Just some things to watch out for when using backgroundrb with Rails:
1. Starting backgroundrb like this:
Does not mean that your application will be running in production mode. In other words, production here refers to the section in your backgroundrb.yml that will be used and will not, for example, cause rails to start with production database settings. For that to occur, your backgroundrb.yml setup needs to forward a Rails environment as follows:
2. This may be pretty obvious but:
Does not give you a new worker. It was giving me a worker so I just assumed it must be a new anonymous worker (that is one not identifiable by a job key). This tripped me up for a while until I figured out that when backgroundrb fires up it creates one instance of each worker and the above code will return a proxy to such an instance. Multiple long running method invocations on this single worker is of course going to end up result in blockage which is exactly what you are working to avoid with backgroundrb. So no, that syntax is not a shortcut to creating a new anonymous worker and you should instead use this:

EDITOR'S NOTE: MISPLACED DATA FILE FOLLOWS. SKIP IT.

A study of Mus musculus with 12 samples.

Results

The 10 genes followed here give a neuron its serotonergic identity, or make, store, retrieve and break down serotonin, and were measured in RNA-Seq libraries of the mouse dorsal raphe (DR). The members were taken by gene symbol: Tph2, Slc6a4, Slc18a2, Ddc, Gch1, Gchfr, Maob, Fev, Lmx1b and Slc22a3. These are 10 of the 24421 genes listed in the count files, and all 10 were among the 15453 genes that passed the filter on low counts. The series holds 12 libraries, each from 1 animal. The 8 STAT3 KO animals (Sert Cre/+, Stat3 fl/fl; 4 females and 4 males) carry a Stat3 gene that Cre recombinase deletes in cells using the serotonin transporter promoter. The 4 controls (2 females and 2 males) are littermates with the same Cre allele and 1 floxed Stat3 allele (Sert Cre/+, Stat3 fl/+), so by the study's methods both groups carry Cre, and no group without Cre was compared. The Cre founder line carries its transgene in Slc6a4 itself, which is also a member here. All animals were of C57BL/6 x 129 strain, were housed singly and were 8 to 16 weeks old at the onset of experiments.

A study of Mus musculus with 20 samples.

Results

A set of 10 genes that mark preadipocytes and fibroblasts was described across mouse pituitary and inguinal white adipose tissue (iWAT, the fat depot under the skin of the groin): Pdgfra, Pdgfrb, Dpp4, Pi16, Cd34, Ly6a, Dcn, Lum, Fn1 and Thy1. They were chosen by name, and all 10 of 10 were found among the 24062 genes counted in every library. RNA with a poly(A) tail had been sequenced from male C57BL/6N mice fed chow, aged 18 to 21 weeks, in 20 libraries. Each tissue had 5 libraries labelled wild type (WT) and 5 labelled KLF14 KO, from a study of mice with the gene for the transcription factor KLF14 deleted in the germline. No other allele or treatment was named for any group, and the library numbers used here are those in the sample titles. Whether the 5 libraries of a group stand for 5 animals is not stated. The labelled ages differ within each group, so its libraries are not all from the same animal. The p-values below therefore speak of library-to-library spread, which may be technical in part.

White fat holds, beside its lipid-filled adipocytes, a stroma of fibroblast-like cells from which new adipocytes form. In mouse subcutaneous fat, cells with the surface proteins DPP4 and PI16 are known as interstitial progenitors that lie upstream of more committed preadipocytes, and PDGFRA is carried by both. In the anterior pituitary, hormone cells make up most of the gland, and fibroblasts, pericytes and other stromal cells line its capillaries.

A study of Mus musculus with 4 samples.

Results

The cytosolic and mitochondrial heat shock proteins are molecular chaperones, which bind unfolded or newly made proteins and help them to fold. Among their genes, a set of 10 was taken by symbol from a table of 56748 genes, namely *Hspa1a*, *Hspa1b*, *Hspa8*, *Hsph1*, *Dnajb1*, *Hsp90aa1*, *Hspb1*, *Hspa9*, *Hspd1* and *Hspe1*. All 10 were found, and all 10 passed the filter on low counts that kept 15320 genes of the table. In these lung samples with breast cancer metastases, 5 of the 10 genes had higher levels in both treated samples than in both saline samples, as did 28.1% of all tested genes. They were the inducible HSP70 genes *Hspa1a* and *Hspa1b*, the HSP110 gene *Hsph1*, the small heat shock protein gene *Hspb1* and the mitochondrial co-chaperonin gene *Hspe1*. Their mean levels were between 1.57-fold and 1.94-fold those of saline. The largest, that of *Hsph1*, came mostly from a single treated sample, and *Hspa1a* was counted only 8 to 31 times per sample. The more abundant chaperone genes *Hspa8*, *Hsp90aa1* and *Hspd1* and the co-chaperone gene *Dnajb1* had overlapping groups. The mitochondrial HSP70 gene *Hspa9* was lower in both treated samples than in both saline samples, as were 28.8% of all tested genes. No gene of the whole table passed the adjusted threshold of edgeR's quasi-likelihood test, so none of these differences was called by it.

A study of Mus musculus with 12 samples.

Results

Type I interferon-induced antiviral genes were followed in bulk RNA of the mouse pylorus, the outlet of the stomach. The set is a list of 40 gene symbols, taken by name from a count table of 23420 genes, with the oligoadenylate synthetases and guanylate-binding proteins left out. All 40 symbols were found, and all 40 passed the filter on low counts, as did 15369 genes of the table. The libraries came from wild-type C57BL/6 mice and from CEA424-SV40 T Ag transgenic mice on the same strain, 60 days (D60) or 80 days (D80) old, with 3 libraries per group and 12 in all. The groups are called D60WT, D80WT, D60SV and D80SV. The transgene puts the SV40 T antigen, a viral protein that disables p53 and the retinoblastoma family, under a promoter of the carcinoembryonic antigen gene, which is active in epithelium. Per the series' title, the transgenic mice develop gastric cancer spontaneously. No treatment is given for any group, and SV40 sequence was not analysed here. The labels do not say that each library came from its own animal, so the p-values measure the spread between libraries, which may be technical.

And of course if you need to refer to that worker later to, for example, get a status update, you will have to create the worker with a job key so that you can grab a reference to it later:
3. The serialization / deserialization process that occurs when an argument is passed through drb may cause some unintended side effects. For example, a DateTime object that defaulted to displaying in UTC time before being passed through drb would display in local time after being passed through drb.